An aerial image of Lord Foster's Isle of Grain airport plan
by political editor Paul Francis
The government has confirmed it is putting on hold a consultation on the
prospect of a new airport in Kent as it unveiled plans for a separate
debate on aviation.
A consultation paper published by the transport secretary Justine
Greening today excludes the option of a new hub airport for the south
Instead, that will be the subject of a separate discussion paper that is
likely to be published this autumn.
The latest delay is likely to frustrate both opponents and supporters of
the idea and comes against a backdrop of rumours suggesting the
government was reconsidering its options for Heathrow and could revisit
the idea of a third runway there.
Announcing today's consultation on the Aviation Policy Framework, the
transport secretary Justine Greening made clear that the debate on
capacity could not be deferred indefinitely.
She defended the government's approach against critics who believe the
option of a new airport is being kicked into the long grass.
"This is a structured process towards delivering a solution that is
sustainable, not only economically and environmentally but also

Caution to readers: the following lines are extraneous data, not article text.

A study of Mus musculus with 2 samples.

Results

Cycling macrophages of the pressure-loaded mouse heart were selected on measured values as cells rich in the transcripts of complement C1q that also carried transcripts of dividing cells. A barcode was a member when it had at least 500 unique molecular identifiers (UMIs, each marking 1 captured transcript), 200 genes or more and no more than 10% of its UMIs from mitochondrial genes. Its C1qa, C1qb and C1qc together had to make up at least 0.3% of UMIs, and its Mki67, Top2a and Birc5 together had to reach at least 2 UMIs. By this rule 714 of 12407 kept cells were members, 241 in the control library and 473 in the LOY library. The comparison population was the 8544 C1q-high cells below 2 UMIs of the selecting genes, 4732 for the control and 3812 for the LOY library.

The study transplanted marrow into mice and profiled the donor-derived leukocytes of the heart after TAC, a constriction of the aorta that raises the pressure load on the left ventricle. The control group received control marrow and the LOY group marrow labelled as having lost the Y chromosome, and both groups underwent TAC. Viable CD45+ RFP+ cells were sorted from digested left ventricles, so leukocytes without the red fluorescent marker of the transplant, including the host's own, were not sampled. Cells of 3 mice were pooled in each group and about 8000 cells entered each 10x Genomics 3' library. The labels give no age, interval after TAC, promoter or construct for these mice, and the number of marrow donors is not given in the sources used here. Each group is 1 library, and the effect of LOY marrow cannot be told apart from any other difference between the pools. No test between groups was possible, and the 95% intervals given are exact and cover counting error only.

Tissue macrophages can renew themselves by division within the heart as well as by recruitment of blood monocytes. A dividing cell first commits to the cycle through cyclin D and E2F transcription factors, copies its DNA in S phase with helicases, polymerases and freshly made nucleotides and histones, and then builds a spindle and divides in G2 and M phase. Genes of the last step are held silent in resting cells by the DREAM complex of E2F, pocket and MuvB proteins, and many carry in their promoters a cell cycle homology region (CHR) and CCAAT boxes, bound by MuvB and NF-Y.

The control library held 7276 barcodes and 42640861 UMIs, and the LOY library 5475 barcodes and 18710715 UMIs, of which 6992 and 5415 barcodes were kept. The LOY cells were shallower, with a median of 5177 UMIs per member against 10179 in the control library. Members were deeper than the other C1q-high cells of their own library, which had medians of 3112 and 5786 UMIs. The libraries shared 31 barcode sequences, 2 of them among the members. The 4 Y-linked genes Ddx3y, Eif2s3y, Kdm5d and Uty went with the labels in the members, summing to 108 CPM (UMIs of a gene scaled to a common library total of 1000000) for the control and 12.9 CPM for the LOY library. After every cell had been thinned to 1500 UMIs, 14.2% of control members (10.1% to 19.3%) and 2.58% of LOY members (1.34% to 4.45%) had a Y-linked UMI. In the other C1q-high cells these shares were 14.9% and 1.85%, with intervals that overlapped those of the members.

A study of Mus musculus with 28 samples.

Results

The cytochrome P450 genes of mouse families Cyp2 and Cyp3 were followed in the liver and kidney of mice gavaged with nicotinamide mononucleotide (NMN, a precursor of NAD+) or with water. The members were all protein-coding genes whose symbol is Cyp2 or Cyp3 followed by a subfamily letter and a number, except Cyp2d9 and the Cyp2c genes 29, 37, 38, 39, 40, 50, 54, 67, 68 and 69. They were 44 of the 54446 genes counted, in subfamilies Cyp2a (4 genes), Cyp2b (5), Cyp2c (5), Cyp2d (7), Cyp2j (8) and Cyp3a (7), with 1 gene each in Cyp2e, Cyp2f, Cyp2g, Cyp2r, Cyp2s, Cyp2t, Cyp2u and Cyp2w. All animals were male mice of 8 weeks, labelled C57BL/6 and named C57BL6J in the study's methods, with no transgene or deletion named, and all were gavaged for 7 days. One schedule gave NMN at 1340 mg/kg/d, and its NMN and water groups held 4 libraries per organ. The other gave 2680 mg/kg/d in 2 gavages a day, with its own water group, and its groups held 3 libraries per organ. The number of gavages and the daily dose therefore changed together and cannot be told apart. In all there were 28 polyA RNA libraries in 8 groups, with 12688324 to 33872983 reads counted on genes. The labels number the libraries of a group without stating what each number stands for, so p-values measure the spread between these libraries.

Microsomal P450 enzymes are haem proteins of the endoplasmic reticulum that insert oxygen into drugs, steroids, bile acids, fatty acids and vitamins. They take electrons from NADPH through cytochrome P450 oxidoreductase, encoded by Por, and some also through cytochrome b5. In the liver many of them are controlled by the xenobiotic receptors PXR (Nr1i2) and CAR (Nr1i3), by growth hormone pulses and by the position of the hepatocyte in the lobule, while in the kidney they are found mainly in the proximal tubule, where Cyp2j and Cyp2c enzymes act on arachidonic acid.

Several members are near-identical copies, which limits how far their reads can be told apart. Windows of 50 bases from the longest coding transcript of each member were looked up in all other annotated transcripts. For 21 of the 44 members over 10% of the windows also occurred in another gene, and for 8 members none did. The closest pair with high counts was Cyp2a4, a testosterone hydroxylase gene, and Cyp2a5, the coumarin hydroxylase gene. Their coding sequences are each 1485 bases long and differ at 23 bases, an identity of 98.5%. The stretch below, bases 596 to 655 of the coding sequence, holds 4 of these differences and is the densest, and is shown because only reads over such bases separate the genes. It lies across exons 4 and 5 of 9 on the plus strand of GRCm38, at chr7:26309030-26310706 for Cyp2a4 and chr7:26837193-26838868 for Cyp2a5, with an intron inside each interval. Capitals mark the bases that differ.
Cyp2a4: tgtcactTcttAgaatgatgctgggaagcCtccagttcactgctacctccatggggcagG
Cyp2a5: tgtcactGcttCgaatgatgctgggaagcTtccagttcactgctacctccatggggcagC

politically," she said. "The failure of successive governments to tackle this issue shows that we need to get it right this time."
"Success depends upon agreeing a solution that can be delivered
regardless of the political cycle and that requires an objective
evidence-based process which draws on the views of the full range of
In a statement, the Department for Transport said the option of a new
airport would come under the spotlight in a separate consultation.
"We intend to issue, later this year, a Call for Evidence on maintaining
the UK's international connectivity. This will include an opportunity to
comment on what, if any, new airport capacity may be required to meet
the UK's needs in the medium and long term."
Maria Eagle MP, Labour's shadow transport secretary, said: "Ministers have made a huge mistake in again delaying the call for evidence on how best to meet this challenge. The divisions within government that are preventing a way forward being agreed are not just between the Tories and Liberal Democrats but between the transport secretary, the Chancellor and the Prime Minister.
"The aviation industry and Britain's wider business community have
called for a cross-party consensus on aviation that lasts beyond the
term of one Parliament. It makes no sense for the political parties to
work separately on this and come up with different solutions.
"That's why Labour has repeatedly offered to work with the government to develop a sensible alternative to the rejected Heathrow third runway and the
unworkable Thames Estuary proposals. It's time for ministers to put an
end to the current mixed messages, dither and delay."